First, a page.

Background — There is currently mixed evidence on the influence of long-term conditions and deprivation on mortality. We aimed to explore whether number of long-term conditions contribute to socioeconomic inequalities in mortality, whether the influence of number of conditions on mortality is consistent across socioeconomic groups and whether these associations vary by working age (18–64 years) and older adults (65 + years). We provide a cross-jurisdiction comparison between England and Ontario, by replicating the analysis using comparable representative datasets.

Methods — Participants were randomly selected from Clinical Practice Research Datalink in England and health administrative data in Ontario. They were followed from 1 January 2015 to 31 December 2019 or death or deregistration. Number of conditions was counted at baseline. Deprivation was measured according to the participant’s area of residence. Cox regression models were used to estimate hazards of mortality by number of conditions, deprivation and their interaction, with adjustment for age and sex and stratified between working age and older adults in England (N = 599,487) and Ontario (N = 594,546).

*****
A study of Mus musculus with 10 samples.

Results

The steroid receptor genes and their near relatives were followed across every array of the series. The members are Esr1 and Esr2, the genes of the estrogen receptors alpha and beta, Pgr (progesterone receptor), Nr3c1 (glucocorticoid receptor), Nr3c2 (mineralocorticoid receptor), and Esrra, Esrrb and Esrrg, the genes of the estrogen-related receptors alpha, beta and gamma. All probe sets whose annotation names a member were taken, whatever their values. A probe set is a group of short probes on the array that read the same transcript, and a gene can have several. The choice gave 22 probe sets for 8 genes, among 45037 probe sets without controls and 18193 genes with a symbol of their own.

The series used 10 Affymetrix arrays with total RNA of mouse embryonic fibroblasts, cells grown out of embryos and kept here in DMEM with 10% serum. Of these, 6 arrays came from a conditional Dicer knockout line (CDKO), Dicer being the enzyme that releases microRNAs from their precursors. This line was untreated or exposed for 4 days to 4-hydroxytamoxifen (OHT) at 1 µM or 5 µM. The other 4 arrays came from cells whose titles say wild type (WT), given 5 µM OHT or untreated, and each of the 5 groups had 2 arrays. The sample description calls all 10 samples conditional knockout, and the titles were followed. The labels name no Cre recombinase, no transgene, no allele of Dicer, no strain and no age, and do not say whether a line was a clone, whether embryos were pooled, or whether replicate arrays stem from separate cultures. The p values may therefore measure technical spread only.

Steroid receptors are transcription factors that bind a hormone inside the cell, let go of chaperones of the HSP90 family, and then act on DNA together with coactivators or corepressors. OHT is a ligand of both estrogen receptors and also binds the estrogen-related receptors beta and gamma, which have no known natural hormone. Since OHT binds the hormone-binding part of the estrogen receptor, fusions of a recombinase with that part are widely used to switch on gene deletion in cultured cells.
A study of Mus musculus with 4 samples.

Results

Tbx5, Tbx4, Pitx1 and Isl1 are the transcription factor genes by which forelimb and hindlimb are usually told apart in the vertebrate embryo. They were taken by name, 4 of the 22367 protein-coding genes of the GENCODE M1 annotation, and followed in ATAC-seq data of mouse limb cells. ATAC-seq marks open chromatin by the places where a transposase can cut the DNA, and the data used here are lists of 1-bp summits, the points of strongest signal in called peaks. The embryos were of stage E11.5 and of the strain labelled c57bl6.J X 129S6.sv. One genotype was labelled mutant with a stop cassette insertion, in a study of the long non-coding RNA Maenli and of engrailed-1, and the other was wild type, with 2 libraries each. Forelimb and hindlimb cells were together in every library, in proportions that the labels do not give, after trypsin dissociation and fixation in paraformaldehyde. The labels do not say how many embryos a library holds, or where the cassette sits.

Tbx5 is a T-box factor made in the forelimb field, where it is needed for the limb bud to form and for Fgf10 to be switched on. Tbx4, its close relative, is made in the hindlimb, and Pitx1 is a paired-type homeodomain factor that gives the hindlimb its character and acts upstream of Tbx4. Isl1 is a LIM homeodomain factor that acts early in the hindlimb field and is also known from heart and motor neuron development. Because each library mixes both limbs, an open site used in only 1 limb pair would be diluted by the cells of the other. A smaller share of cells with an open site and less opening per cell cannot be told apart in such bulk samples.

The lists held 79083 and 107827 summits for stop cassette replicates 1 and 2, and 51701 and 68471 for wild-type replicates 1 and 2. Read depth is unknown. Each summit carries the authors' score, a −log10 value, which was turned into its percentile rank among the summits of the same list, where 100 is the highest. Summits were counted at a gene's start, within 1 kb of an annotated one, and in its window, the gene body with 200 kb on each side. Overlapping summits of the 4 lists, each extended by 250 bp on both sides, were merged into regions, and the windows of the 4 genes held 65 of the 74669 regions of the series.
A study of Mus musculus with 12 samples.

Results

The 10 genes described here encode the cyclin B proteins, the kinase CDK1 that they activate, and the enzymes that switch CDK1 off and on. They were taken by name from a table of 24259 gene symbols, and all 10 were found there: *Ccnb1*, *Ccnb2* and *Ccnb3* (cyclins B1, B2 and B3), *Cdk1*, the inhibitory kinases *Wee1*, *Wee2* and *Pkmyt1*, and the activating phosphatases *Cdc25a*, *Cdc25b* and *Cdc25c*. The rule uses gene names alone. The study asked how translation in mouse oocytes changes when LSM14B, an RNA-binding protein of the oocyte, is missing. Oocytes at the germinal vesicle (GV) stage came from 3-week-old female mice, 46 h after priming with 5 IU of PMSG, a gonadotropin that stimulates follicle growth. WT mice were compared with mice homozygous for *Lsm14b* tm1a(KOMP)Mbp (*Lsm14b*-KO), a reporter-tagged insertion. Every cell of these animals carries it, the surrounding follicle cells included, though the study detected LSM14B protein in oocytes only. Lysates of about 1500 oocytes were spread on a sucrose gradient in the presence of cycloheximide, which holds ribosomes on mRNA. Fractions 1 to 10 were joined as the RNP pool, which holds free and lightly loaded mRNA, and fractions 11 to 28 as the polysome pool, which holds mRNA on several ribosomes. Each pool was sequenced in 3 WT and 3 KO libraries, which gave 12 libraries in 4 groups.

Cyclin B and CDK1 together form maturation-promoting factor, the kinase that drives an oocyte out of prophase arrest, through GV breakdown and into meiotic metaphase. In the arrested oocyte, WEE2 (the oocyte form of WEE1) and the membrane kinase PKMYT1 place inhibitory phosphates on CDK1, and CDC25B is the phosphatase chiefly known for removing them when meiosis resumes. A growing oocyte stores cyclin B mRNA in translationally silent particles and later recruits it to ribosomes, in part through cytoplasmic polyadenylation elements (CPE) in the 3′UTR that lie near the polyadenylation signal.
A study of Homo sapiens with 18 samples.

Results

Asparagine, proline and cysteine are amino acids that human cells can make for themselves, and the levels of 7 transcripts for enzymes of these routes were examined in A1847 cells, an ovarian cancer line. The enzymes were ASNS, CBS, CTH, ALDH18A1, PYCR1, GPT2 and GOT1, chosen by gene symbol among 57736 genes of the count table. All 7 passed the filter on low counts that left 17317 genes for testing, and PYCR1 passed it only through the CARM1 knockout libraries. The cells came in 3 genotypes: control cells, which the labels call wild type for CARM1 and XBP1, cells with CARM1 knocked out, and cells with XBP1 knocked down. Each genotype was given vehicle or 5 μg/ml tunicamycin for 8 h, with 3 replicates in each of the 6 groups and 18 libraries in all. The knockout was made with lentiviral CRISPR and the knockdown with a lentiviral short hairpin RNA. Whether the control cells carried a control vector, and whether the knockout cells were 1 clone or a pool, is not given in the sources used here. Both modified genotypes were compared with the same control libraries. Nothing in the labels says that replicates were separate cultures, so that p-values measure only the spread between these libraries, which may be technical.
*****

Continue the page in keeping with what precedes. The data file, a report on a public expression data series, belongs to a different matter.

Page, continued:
Findings — There is a deprivation gradient in mortality between those living in the most deprived areas compared to the least deprived areas in England and Ontario. Number of conditions at baseline was associated with increasing mortality. The association was stronger in working age compared with older adults respectively in England (HR = 1.60, 95% CI 1.56,1.64 and HR = 1.26, 95% CI 1.25,1.27) and Ontario (HR = 1.69, 95% CI 1.66,1.72 and HR = 1.39, 95% CI 1.38,1.40). Number of conditions moderated the socioeconomic gradient in mortality: a shallower gradient was seen for persons with more long-term conditions.

Conclusions — Number of conditions contributes to higher mortality rate and socioeconomic inequalities in mortality in England and Ontario. Current healthcare systems are fragmented and do not compensate for socioeconomic disadvantages, contributing to poor outcomes particularly for those managing multiple long-term conditions. Further work should identify how health systems can better support patients and clinicians who are working to prevent the development and improve the management of multiple long-term conditions, especially for individuals living in socioeconomically deprived areas.



Alarilla A, Mondor L, Knight H, Hughes J, Koné AP, Wodchis WP, Stafford M. BMC Public Health. 2023; 23(1):472. Epub 2023 Mar 11.